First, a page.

One of the questions I get asked a lot is what developer platform is the most scalable. Some people seem to believe it’s Java or .NET, others feel it’s Python or PHP. There also seems to be a misconception that Ruby doesn’t scale well. A definitive answer to this trick question? They all scale – up to a point (*when your infrastructure has millions of users & transactions – then you have to rely on in-memory databases, content delivery networks, caching servers, x64 servers, ect to keep things snappy). To illustrate this, I’ll delve into the architecture of some of the most popular social networks out there. Let’s take a look at a few key examples:
Dodgeball (the precursor to Foursquare) started out as an ASP site running on an Access database. Founder Dennis Crowley (who was not a coder) created the site using a “Learn ASP in 30 days!” type of book. Later, Dodgeball was rewritten in PHP and MySQL. Foursquare.com was likewise originally written using PHP/MySQL on Apache. When Harry Heymann joined Foursquare (he was the last employee from Dodgeball after the Google acquisition), he helped the company scale up using Scala and the Lift Web Framework. Foursquare is compiled into Java bytecode and mostly runs on Jetty (Jetty project page). Foursquare also runs in MongoDB (MongoDB project page). Here is a fantastic deck explaining the process of migrating Foursquare.com from PHP to Scala/Lift. On a side note – Foursquare also uses Apache Hadoop, and Apache Hive in combination with a custom data server (built in Ruby), all running in Amazon EC2 to do analytics on their data (here is a Foursquare engineering blog post about it) – I also had the privilege of seeing the system in action when I visited Foursquare’s Cooper Square HQ in 2011.
In 2006, when Facebook was opened to the public (anyone over 13 with a valid email address could join), Facebook was built using open-source software including PHP/MySQL on Apache (some of the front end PHP code got leaked in 2007 – you can get interesting insights here). Facebook used memcached (project site) to help the site stay responsive for 12M active users. Facebook employees also used a combination of Python/Perl/Java/g++ and Boost managed using Subversion and git – you can read a detailed account on the Facebook site. Today, Facebook has over 800 million active users and as you can imagine, the infrastructure to support the load has become way more complex. The front end uses PHP converted into C++ using HipHop, the business logic is built using Thrift and persistence is managed using a combination of MySQL, Memcached, Cassandra & Hadoop. All of this is running on what’s estimated to be 60,000+ servers! You can learn more on this Quora thread.
Twitter started as a hack project at a company called ODEO, which was initially focused on RSS syndicated audio & video. Twitter founder Jack Dorsey (one of the ODEO engineers at the time) was really interested in status and tried to find some way to make it easier for people to share what they were doing. The Twitter project was initially written on Ruby on Rails (which was the backbone of ODEO) and evolved from there. Raffi Krikorian (Director of Twitter’s Application Service) has a really excellent OSCON talk which describes Twitter’s current infrastructure. According to Raffi, Twitter is “the largest Ruby on Rails website on the planet“). Twitter is currently active in rewriting their infrastructure to the Java Virtual Machine (JVM), Scala, Thrift and Clojure. Here is a deck on Slideshare with the gory details on the migration. Raffi’s advice – “One thing we want to emphasize to start ups out there is that switching to Java doesn’t imply that we think that Ruby is a mistake. Ruby got us fundamentally where we are today. We are somewhere between the 9th and 5th largest site on the internet…we have some of the best world class product engineers who can write code in Ruby faster than anyone I’ve seen…And we think that’s really important…and pivotal.”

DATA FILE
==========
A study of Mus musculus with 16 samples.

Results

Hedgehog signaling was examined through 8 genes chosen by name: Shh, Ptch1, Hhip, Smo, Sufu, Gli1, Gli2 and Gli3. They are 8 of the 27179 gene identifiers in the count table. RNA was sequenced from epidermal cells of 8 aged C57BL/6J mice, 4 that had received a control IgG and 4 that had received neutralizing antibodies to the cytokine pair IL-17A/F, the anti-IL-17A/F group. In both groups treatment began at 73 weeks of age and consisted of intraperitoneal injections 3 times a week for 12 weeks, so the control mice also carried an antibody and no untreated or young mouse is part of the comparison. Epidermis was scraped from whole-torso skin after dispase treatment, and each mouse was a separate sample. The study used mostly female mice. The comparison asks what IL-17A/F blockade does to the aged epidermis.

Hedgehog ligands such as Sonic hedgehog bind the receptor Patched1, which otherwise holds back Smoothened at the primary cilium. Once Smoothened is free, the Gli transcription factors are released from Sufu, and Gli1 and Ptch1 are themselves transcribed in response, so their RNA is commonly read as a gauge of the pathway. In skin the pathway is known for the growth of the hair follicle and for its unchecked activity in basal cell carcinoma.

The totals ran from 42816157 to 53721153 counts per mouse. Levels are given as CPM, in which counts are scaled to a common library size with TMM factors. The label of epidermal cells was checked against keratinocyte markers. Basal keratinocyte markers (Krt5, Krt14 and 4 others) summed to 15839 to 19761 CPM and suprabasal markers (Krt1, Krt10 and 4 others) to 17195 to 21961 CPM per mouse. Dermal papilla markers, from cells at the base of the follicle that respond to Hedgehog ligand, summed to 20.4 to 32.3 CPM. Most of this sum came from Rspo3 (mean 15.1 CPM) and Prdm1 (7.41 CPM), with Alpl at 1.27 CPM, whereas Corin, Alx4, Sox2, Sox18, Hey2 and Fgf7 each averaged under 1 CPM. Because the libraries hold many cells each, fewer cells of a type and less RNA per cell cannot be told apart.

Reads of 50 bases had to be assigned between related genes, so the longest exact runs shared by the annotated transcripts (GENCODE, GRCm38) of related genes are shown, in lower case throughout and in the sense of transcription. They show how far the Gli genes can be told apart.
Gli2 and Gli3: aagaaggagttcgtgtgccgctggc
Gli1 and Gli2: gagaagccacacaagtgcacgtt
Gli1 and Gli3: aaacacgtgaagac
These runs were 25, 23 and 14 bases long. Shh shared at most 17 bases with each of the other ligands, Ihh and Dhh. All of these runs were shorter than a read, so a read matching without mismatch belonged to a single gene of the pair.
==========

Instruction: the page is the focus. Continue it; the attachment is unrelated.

According to this documentation dating back to 2008 (and this YouTube architecture video from the 2007 Seattle Conference on Scalability), YouTube was originally built using a combination of Apache, Python, Linux (SuSe) and MySQL. The YouTube engineering team also used psyco (dynamic python->C compiler) and lighttpd (for video instead of Apache). This architecture was at the time supporting over 100 million video views per day. Few details are known about the back end infrastructure today, however you can use the YouTube Direct platform to host your mini-customized version of YouTube on Google AppEngine (via the YouTube API).
Moral of the story
Java, PHP, Ruby or Python – they are all suitable languages/technology stacks for a startup & will scale enough to make your product a success. The real question you should be asking – which one of these platforms will make your developers as productive as possible?